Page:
What is actually driving your health choices and actions? Take a closer look at your values, and recognize how they can influence your health and happiness.


If you think about your basic human needs, what comes to mind? Are there areas of your life you feel are being neglected or minimized, or are there things you want to prioritize more?

As a dietetics student, I was introduced to Maslow’s Hierarchy of Needs, mixed in among all my nutrition courses and anatomy labs. It was interesting to think about because I come from a relatively privileged background. Most all of my needs were met, and I felt I was pretty darn close to self-actualization.

When I entered my professional practice as a dietitian, I continued to have a rather limited understanding of people and their needs. I was aware of issues like food insecurity, health disparities, and social determinants of health

But it wasn’t until I began learning about intuitive eating, Health at Every Size (HAES), weight stigma, and health care bias that I broadened my view of how our needs are (and are not) being met.

Turns out, I became a much better health professional when I considered more than just physical needs. 

In my world, it looks something like this: 

“How do your food rules shape your identity or provide you with something you need?”

In other words, how does your diet satisfy a craving for something other than food? More often than not, cravings for a “forbidden” food are just one of the downsides of dieting. Yet people are starting (or restarting) trendy fad diets everywhere you look these days because that restriction is fulfilling some type of need.  

People usually walk through life without giving much thought to the intentions behind their decisions to eat, move, rest, and care for themselves. But if you actually take the time to pause and question if the things that you think lead to health and happiness may look different than what you’ve been told, your perspective changes.

Do you ever notice patterns or behaviors in your life that’s potentially be due to unmet needs?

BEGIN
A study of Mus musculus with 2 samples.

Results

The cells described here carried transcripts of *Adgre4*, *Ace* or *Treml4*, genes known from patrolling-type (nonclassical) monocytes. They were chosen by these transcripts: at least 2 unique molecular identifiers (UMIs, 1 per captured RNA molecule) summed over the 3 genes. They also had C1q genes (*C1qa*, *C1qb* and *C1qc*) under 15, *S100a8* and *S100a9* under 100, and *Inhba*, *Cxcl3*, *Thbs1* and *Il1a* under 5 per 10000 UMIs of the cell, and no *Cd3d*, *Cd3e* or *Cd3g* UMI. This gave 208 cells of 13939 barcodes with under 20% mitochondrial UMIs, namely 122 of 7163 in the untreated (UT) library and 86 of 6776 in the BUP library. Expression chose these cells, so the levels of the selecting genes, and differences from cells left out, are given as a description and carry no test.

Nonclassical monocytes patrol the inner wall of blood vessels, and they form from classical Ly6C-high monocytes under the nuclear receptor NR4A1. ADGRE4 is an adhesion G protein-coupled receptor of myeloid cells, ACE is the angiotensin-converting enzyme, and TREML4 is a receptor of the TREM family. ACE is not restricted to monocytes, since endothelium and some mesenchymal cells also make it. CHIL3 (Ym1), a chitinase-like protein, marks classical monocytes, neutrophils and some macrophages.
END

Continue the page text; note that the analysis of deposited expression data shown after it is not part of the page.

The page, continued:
This can be found when you listen closely to yourself during a situation that prompts you to think, “Oh I know better, but I’m going to do it anyway?

And there’s a reason why changing our habits can be so challenging —  yes, we’re logical, rational, intelligent people, but we are also emotional complex beings.  

If it were really that easy, don’t you think we’d all be doing it what we need to do already? This is why values-based living can be a more sustainable approach to health and happiness.

What does that look like? 

It’s about no longer tying your identity to how you eat or what your body looks like so you can be free to explore other things in life.

It’s about recognizing that you have more interesting things to share with the world than what you put on your salad after a workout.

It’s the ability to recognize there are issues you care deeply about – the environment, improving a skill, or supporting a social cause that impacts your life. 

The point is, it’s harder to focus on important things when you’re obsessed with the pursuit of health that’s defined by mainstream wellness. It becomes difficult to live out your values if all you value is a thin, fit body that never wrinkles or ages. Remember, you were made for more than counting calories and shrinking your body. 

There are big, scary problems in the world, but your body is not one of them.

If you care about bigger issues, and have the time and energy to contribute to solutions, it’s very possible that some of your important human needs could be met in the process.

  • Feeling competent and masterful in some area
  • Making a contribution
  • Creativity, or expressing and sharing your feelings
  • A sense of accomplishment or making progress towards a goal
  • Friendship, community, or a sense of belonging

Even if those don’t apply to you, your health and happiness might still be on the rise. Body acceptance and self-care can be a catalyst for the healthful behaviors that actually do improve physical wellbeing. This is in part because we see a de facto placebo effect where healthy habits beget more healthy habits.

The difference? These habits aren’t motivated by the goal of extrinsic measurements of success, but rather an intrinsic belief that your body is worthy of being nourished and cared for no matter what size it is or what it looks like.

And that is what might actually get you closer to a life that leaves you feeling healthy and happy.

Adapted from the original post.

Cara Harbstreet, MS, RD, LD is a Kansas City-based Registered Dietitian helping individuals jumpstart their journey to wellness. By breaking the cycle of dieting, Cara focuses on creating sustainable lifestyle changes for people who are motivated to reclaim their health. Connect with Cara over at Street Smart Nutrition.